Using sensor technology to capture the structure and content of team interactions in medical emergency teams during stressful moments

Marcella Hoogeboom
Marleen Groenier
Stijn de Laat
Jolien van Sas


In healthcare, action teams are carrying out complex medical procedures in intense and unpredictable situations to save lives. Previous research has shown that efficient communication, high-quality coordination, and coping with stress are particularly essential for high performance. However, precisely and objectively capturing these team interactions during stressful moments remains a challenge. In this study, we used a multimodal design to capture the structure and content of team interactions of medical teams at moments of high arousal during a simulated crisis situation. Sociometric badges were used to measure the structure of team interactions, including speaking time, overlapping speech and conversational imbalance. Video coding was used to reveal the content of the team interactions. Furthermore, the Empatica E4 was used to unobtrusively measure the team leader’s skin conductance to identify moments of high arousal. In total, 21 four-person teamsof technical medicine students in the Netherlands were monitored in a simulation environment while they diagnosed and managed a patient with cardiac arrest. Outcomes of this exploratory study revealed that more effective teams showed greater conversational imbalance than less effective teams, but during moments of high arousal the opposite was found. Also, a number of differences were found for the content of team interaction. Combining sensor technology with traditional measures can enhance our understanding of the complex interaction processes underlying effective team performance, but technological advances together with more knowledge about the simultaneous application of these methods are needed to tap into the full potential of wearable sensor technology in team research.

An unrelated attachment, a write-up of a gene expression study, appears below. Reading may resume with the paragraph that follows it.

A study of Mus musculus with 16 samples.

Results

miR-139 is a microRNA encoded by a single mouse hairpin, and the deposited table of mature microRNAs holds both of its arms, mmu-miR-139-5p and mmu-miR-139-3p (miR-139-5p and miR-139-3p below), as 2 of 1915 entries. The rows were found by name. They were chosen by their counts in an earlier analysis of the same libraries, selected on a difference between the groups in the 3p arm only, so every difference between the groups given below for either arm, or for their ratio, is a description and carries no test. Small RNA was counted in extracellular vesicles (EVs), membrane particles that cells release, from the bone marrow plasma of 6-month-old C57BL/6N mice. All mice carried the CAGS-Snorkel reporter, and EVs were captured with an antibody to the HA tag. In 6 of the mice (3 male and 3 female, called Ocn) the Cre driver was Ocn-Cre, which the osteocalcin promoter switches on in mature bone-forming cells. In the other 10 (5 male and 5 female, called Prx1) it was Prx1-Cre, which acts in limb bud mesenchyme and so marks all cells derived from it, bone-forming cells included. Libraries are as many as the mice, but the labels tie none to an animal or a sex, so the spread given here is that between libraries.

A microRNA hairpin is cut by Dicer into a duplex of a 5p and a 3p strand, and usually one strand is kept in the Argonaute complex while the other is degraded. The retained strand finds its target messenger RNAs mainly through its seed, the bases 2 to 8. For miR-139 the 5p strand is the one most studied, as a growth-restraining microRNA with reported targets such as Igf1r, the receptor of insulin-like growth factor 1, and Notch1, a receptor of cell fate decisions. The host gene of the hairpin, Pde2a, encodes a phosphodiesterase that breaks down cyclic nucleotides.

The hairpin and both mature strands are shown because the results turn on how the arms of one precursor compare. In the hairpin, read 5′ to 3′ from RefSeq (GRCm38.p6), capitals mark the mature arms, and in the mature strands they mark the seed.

Endedijk, M., Hoogeboom, M., Groenier, M., de Laat, S., & van Sas, J. (2018). Using sensor technology to capture the structure and content of team interactions in medical emergency teams during stressful moments. Frontline Learning Research, 6(3), 123–147.
Author Biographies

Maaike Endedijk, University of Twente

Maaike Endedijk (dr.) ( works as a professor in Professional Learning in Organizations at the department Educational Sciences. Her main research interest is in self-directed professional learning at the workplace, with a focus on the technology, health and education sector.

Marcella Hoogeboom, University of Twente

Marcella Hoogeboom (drs.) ( is a PhD candidate at the University of Twente. She currently works as an assistant professor at the department of Educational Science and Technology. She uses a video-observation method (in combination with Electrodermal activity) to examine effective interaction patterns in teams.

Marleen Groenier, University of Twente

Marleen Groenier (dr.) ( is a human factors psychologist with a passion for understanding how people learn to perform complex tasks. She coordinates the technical-medical educational research in the Lab for Professional Learning in High Tech Healthcare which is affiliated with the Technical Medicine, Psychology and Educational Science education programs and is located at the Expertimental Center for Technical Medicine.

Stijn de Laat, University of Twente

Stijn de Laat (M.Sc.) ( is a PhD candidate at department of Educational Science and Technology at the University of Twente. In his research he uses sociometric badges to examine effective team interaction patterns.